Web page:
Computer science professor Mario Gerla and researcher Giovanni Pau at the UCLA Henry Samueli School of Engineering and Applied Science envision using cars as computer nodes in a mobile network on wheels.

By M. Abraham

It’s no secret Americans love their cars and modern computer systems have enhanced vehicle performance and safety. Computer science professor Mario Gerla and researcher Giovanni Pau at the UCLA Henry Samueli School of Engineering and Applied Science envision the next step is to take that digital processing power and push it outwards even further – by using cars as computer nodes in a mobile network on wheels.

Computers already have made their way out from under the hood and into the passenger space with systems such as GPS navigation, as well as services that can unlock a car by satellite, and Wireless LAN capability will soon be installed by car manufacturers to make driving safer.

“We have all of these computer devices as integrated systems inside our cars,” said Gerla. “It’s time to extend that concept. Computers are already being installed in many vehicles, and wireless capability will soon follow, so a mobile network deployment would only require the relatively low-cost addition of sensors to the vehicle’s roof and bumpers, and configuring the computer with new ‘mobile’ applications.”

The team at UCLA Engineering’s Network Research Lab, led by Gerla, is looking at reinventing cars and networks based on the principles of a wireless, mobile ad-hoc networking platform, or MANET. The MANET platform allows moving vehicles within a range of 100 to 300 meters of each other to connect, and car by car, create a network with a wide range. As cars fall out of range and drop out of the network, other node-equipped cars can join in to receive or send signals.

“We use standard radio protocols such as Digital Short Range Communication, or DSRC, combined with wireless LAN technology to create networks between vehicles equipped with onboard sensing devices. These devices can gather safety-related information as well as other complex multimedia data, such as video. The most essential aspect of this network is that it is not subject to memory, processing, storage, and energy limitations like traditional sensor networks,” said Pau. “It relies on the resources of the vehicle itself, along with those vehicles around it.”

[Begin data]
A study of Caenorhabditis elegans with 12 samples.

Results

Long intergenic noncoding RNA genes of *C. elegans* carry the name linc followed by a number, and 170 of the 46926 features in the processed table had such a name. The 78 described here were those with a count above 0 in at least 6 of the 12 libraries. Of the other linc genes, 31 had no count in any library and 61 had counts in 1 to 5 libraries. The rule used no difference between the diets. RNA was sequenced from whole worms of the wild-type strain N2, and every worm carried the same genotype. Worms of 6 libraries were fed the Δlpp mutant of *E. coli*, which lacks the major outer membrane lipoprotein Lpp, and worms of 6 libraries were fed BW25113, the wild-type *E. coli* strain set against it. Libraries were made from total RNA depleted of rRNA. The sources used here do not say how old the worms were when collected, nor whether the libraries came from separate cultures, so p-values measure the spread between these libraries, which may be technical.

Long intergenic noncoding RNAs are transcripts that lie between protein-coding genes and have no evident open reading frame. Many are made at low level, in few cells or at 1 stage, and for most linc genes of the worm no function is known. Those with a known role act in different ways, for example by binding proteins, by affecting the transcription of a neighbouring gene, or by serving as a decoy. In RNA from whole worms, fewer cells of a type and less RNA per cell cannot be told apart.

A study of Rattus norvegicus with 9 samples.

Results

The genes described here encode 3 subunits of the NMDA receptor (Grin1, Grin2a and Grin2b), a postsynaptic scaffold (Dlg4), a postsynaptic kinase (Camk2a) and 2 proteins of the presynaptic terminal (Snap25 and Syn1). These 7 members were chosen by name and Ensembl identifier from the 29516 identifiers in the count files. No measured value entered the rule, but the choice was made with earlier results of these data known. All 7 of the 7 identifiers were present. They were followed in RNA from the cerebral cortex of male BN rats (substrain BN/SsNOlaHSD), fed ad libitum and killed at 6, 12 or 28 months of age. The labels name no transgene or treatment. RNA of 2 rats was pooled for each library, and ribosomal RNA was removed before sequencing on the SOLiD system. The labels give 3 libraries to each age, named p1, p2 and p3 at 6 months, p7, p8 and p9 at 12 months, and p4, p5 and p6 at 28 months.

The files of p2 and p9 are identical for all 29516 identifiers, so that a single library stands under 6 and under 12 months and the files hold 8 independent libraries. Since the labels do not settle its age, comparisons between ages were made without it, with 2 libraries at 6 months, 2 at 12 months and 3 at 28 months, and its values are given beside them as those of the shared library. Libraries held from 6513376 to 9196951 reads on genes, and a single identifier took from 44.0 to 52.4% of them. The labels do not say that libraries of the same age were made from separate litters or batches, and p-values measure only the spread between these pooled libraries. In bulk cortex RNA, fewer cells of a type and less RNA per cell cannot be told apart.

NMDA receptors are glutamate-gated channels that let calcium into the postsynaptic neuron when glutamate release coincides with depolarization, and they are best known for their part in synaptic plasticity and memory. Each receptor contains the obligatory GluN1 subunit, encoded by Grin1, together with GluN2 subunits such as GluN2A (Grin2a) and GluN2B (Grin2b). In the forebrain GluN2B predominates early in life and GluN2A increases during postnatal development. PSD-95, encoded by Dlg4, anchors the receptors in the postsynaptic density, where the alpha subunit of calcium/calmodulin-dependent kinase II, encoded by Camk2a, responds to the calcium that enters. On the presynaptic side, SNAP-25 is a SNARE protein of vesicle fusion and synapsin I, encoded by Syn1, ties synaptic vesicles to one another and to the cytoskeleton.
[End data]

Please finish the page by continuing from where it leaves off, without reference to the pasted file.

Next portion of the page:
Currently, gaining access to the Internet or to the cellular phone system requires that a tower or other stationary access point be within range. The mobile network bypasses this set up by connecting vehicles to one another until, eventually, everyone is connected to everyone else, and a mobile Internet is created. Access to the fixed Internet can then be obtained indirectly, through any of the mobile Internet vehicles.

While similar to a Wireless Local Area Network (WLAN), a mobile network has to perform tasks far more complicated than connecting one wireless computer to another – it must be able to distinguish between multiple moving vehicles (nodes), determine the signal strength emanating from each one, gauge its speed, who might have priority, such as a police car or fire engine, and what kind of data is being exchanged like voice, data, or video – all at the same time.

The benefits of this type of network are broad, explains Gerla. Day-to-day driving could be safer and more convenient – accidents could be prevented if drivers have access to pertinent, real-time information such as collisions or changes in traffic patterns ahead.

Drivers would have access to information about dangers within or near their mobile network, such as the presence of smoke from a forest fire or radiation from a dirty bomb. Just one vehicle would need to be equipped with the detection device in order for other vehicles in the network to be aware of the threat. The network also could list escape routes to drivers in the event of a terrorist attack.

On crowded freeways in Southern California, accidents could be prevented if drivers have access to pertinent, real-time information such as collisions or changes in traffic patterns ahead, Gerla pointed out.

Importantly, the technology could also provide life-saving communications between emergency personnel. During Katrina and the attacks on 911, communication infrastructures were destroyed and first responders were unable to communicate. A mobile vehicle network could provide an essential lifeline for emergency personnel and others to stay connected when all other networks fail.

The benefits of a mobile network are already being explored by the California Department of Transportation in conjunction with Gerla’s team. Gerla and Pau are working with CalTrans to develop both the vehicle sensors that detect highway problems — such as large potholes — and the mobile network that would transmit this information instantly. With immediate access to roadway information, CalTrans officials would be better equipped to make decisions about where and in what priority to make repairs, saving CalTrans crews time and energy, and saving taxpayers money.

Visit Gerla’s faculty page by clicking here.